Wednesday, August 29, 2018

UNITED STATES (AP) — Manu Ginobili has played his final game, and with that a new era awaits the San Antonio Spurs.

Ginobili announced his decision to retire Monday, the 41-year-old wrapping up what he called a “fabulous journey” in which he helped the Spurs win four NBA championships in 16 seasons with the club.

The smooth left-handed guard from Argentina came to San Antonio in 2002, forming what quickly became a powerful “Big 3” alongside Tim Duncan and Tony Parker. Now they've all moved on: Duncan retired two years ago, Parker left San Antonio earlier this summer as a free agent to sign with the Charlotte Hornets, and Ginobili has worn Spurs colours for the last time as well.

“Today, with a wide range of feelings, I'm announcing my retirement from basketball,” Ginobili wrote on Twitter in making the announcement. “IMMENSE GRATITUDE to everyone (family, friends, teammates, coaches, staff, fans) involved in my life in the last 23 years. It's been a fabulous journey. Way beyond my wildest dreams.”

The image Ginobili chose to accompany that tweet: a photo of him walking off the floor, away from the camera, with four fingers aloft — signifying his four titles.

“An NBA champion and All-Star, Manu Ginobili is also a pioneer who helped globalise the NBA,” NBA Commissioner Adam Silver said.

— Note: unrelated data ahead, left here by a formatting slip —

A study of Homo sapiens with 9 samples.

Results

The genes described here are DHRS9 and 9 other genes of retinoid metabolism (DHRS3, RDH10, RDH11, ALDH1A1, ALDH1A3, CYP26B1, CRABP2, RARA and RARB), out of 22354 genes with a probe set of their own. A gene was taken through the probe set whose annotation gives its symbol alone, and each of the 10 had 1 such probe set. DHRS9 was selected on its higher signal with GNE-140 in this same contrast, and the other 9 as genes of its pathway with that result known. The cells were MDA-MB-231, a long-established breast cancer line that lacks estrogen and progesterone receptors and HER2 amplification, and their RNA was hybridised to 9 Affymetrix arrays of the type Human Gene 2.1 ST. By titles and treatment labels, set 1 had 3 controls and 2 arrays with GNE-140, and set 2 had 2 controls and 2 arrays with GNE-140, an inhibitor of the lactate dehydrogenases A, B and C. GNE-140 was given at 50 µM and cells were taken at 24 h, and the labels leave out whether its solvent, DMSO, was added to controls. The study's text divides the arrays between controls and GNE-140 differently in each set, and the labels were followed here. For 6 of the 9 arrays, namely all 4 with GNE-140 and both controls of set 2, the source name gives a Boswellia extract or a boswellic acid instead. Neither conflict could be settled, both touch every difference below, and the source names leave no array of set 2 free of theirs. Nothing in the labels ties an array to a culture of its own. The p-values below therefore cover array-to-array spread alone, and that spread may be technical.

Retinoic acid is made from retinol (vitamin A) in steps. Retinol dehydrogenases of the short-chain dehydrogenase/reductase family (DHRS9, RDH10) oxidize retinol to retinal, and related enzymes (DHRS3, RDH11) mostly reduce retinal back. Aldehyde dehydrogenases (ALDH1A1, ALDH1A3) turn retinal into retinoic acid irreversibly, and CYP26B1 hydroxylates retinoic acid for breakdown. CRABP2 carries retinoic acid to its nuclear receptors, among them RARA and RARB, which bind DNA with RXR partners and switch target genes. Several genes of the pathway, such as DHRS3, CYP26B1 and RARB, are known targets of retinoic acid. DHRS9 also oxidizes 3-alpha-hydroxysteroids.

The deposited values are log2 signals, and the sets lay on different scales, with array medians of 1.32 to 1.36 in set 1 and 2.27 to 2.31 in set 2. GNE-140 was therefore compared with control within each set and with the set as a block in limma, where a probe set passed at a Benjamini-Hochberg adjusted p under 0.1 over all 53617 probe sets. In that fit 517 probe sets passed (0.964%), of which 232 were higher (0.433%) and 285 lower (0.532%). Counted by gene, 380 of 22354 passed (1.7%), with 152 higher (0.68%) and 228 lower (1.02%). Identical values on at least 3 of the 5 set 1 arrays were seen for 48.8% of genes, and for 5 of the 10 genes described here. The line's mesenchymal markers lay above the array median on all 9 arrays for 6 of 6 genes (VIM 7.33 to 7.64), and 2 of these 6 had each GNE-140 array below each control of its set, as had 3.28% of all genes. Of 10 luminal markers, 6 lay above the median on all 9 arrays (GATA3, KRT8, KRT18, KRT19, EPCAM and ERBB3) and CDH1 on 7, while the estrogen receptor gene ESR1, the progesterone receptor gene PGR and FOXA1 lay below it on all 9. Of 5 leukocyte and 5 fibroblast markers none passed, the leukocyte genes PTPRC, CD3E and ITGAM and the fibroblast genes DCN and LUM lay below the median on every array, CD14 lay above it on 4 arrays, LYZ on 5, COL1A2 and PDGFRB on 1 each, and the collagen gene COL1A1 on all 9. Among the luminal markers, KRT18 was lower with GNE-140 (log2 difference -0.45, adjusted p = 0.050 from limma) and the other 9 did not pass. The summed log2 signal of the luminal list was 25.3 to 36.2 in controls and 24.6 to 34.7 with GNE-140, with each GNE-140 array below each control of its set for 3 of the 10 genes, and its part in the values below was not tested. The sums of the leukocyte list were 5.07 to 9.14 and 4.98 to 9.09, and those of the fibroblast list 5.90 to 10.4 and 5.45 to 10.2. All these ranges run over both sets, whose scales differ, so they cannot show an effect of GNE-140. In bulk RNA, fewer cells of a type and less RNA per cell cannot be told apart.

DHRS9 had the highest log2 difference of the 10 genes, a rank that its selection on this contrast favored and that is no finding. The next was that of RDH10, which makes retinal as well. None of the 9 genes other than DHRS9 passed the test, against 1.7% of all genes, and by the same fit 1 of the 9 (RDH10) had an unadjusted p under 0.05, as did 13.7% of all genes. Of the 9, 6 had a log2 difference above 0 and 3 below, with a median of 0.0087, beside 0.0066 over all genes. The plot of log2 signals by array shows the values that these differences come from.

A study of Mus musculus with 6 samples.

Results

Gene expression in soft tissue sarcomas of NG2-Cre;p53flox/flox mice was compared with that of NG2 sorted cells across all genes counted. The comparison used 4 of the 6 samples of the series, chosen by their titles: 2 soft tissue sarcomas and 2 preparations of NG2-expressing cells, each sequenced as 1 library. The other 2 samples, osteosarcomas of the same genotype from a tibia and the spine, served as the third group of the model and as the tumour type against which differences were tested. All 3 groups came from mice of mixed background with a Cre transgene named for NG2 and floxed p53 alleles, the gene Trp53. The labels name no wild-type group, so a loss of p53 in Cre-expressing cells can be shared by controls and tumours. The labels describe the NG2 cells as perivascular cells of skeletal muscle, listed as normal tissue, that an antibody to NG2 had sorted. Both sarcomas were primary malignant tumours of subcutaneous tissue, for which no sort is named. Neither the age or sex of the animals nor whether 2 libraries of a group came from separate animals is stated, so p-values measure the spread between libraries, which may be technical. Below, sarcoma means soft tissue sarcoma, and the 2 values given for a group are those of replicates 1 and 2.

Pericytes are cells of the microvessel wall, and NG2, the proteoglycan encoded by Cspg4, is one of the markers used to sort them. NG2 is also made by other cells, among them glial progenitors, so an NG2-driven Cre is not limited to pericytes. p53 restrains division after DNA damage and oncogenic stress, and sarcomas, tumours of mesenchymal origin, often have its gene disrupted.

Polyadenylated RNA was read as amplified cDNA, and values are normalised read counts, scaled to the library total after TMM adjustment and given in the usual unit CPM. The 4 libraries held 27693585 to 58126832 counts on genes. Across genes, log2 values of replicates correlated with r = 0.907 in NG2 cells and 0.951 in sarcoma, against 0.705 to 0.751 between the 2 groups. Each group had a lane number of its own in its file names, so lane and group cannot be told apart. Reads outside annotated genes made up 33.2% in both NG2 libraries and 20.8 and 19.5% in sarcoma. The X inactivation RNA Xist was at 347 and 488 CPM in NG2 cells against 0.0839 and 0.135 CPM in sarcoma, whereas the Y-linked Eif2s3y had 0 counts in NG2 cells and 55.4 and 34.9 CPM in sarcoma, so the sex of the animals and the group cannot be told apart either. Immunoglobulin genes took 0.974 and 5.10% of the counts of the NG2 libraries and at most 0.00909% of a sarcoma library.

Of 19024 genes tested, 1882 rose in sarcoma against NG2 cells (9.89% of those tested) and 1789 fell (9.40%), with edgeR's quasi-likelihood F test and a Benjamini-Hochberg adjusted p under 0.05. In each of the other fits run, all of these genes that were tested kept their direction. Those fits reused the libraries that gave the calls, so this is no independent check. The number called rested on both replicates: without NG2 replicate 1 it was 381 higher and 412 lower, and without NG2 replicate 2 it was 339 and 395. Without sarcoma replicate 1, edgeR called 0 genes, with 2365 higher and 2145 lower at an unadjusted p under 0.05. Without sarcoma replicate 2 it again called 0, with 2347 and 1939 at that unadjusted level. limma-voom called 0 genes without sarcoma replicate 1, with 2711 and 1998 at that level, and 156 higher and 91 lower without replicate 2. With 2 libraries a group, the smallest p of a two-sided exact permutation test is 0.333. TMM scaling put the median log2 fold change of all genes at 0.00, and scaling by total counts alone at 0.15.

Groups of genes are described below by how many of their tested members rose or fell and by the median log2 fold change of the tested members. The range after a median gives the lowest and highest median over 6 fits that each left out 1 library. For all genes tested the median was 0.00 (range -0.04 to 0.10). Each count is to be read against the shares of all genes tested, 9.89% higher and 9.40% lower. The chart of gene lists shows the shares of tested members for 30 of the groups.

Ginobili's pro career lasted 23 seasons in all, starting with stints in Italy and Argentina. His drawing power was massive even in his final season, and it was common for him to spend plenty of time before road games posing for photos and signing autographs — often international fans proudly displaying an Argentine flag.

Duncan, Parker, Ginobili and Kawhi Leonard were the backbone of San Antonio's drive to its most recent NBA championship in 2014, and this will be the first time that Gregg Popovich begins a season as the Spurs' head coach with none of those players on the roster. Leonard was traded to the Toronto Raptors for DeMar DeRozan earlier this summer, the end of a relationship in San Antonio that had apparently gone too sour to save.

Leonard's departure meant Ginobili would have been the last significant player tied to the Spurs' title years. But in the end, retirement was his call.

“Great player. Fierce competitor. Winner,” Dallas star Dirk Nowitzki said on Twitter. “Next stop: HOF.”

Getting enshrined in the Basketball Hall of Fame would seem like a certainty for Ginobili, especially when adding his accomplishments outside of the NBA. He led Argentina to the 2004 Olympic gold medal, with a victory over the US in the semi-finals.

“He has the talent to continue playing for five years, but we have to respect his decision. Us Argentinians, we are so proud of him. We wish all the best in the new life,” said Juan Martin del Potro, who thanked Ginobili after his victory at the US Open.

The No. 57 pick in the 1999 draft, Ginobili averaged 13.3 points and 3.8 assists in 1,057 regular-season games. He was a two-time All-Star and was the league's Sixth Man of the Year for the 2007-08 season (getting 123 of 124 votes), plus he teamed with Popovich for 135 play-off wins — the third-highest total for any player-coach combo in NBA history.

The only two with more? Popovich and Duncan won 157, and Popovich and Parker won 137.